Step 1: Be smart about timing.

If you're considering attempting Trolltunga in any month besides June, July, August, or September, I highly HIGHLY advise you to reconsider. I went in September and it was already incredibly cold and icy, so my friends and I suffered some gnarly falls. The Norwegians do not believe in "closing" nature, so you can technically attempt it whenever you want, but you will probably regret this. Just trust me. Supposedly the weather is quite nice in the summer, and anyway, clearer skies = better views of the rock and the fjord! Think about it.

 

Step 2: Be prepared. 

I knew this hike would be hard, and as much as I would love to be, I'm not exactly an avid hiker. I have been on many hikes, but I am no professional, and I also eat a lot of cheetos. Anyway, like I was saying, I knew it would be a tough one. But I had no idea HOW tough. Do NOT underestimate this hike. I live on the fourth floor of my building. I walked up the stairs every time I went to my room for a month instead of taking the elevator, because I thought the extra boost of exercise would "get me into shape". This was a gigantic joke once I started actually climbing. Seriously, you should train! I don't want to scare you out of this hike. Anyone can do it, but the more prepared you are, the better your experience will be. 

 

Step 3: Pack well.

This is a long hike, so I suggest bringing some nutritious snacks to keep you going throughout the day. You'll want to keep your pack light, however, so pre-make the meals, and avoid heavy foods. Dried mangoes were the perfect energy boost. Also, bring as much water as you can bear to carry. You'll want it. Waterproof shoes that you're 100% sure will not give you blisters are necessary (you will still probably get blisters), and a First Aid kit would be super ideal, because tiny trips and scrapes are not unusual. Dress in layers as you will get cold on breaks and be sweating while moving.

 

Step 4: Know your limits.

The first Kilometer of this hike (out of 22 total!!!) is grueling. Every bit of you will want to turn around and go back. Keep going, but don't be afraid to stop and take breaks. It is certainly not a race to the top, and breather breaks (and amazing views!!!) will keep you sane.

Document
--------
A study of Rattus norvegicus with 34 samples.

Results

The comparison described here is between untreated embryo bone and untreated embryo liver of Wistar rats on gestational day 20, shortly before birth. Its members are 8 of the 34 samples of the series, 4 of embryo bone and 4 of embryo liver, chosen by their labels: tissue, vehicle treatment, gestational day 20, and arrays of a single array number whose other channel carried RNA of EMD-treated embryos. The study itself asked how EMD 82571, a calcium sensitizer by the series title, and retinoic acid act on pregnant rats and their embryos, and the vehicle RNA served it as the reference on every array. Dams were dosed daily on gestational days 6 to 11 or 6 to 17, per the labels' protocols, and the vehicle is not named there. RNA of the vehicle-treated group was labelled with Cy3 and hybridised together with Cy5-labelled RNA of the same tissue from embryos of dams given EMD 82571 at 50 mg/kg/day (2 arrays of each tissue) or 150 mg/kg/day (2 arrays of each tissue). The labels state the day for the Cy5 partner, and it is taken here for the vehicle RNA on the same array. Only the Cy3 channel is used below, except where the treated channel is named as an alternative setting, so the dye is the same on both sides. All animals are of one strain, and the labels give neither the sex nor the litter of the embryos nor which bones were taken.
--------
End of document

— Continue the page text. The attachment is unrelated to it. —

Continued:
Step 5: Find a place to stay

The best option as far as lodging is probably to stay in Odda, Norway. It's the closest village to the base of the hike (Tyssedal) and also is a cute little place to see anyway. 

 

Step 5: Figure out transportation

We drove from the Oslo Airport. This was about a 10 hour drive, but was kinda nice, because we got to see so much of Norway. I highly recommend this method. It goes by pretty fast, and the scenery was gorgeous.


  • Some guides will tell you about a funicular that is closed down, but that you can use to climb to Trolltunga. Don't do that. It's a bad idea. It's incredibly steep, and even more dangerous. They closed it for a reason.
  • Use the marked trail and leave EARLY EARLY EARLY. You should be starting this hike as the sun is coming up. This is the only way to ensure that you'll have sunlight on your way down, which you will DEFINITELY need, just to not fall on the crazy rocks.
  • The first kilometer is a staircase. Straight up, boys and girls. One kilometer is not very far. Your legs and lungs will say otherwise. Don't fret though, it evens out a little.
  • Most things online say the hike is 22 km. This is supposed to be around 13-14 miles. The problem with this calculation is that it is "as the bird flies" but doesn't account for the going up and down hills. With the ups and downs, our iPhone said it was more like 19.5 miles. Know what you're in for!
  • Pay attention to the signs that say "If you're not here by 12:00, turn back" (for example) because it's really dangerous to ignore them.
  • The trail is super super muddy. Like sometimes a puddle can engulf your whole leg. Try to embrace it and wear proper footwear.
  • Don't underestimate the way down. You will be so excited to go downhill until you realize that it's actually way worse. Again, take your time, and bring some Advil for your knees. 
  • Charge your camera batteries. You will hate yourself if you can't get some photos. The views are incredible.
  • HAVE FUN! This is and always will be one of the coolest things I've ever done. Stop and smell the roses a little on your way, even when your knees are buckling and you can't breathe. You will survive and have a pretty cool story to tell.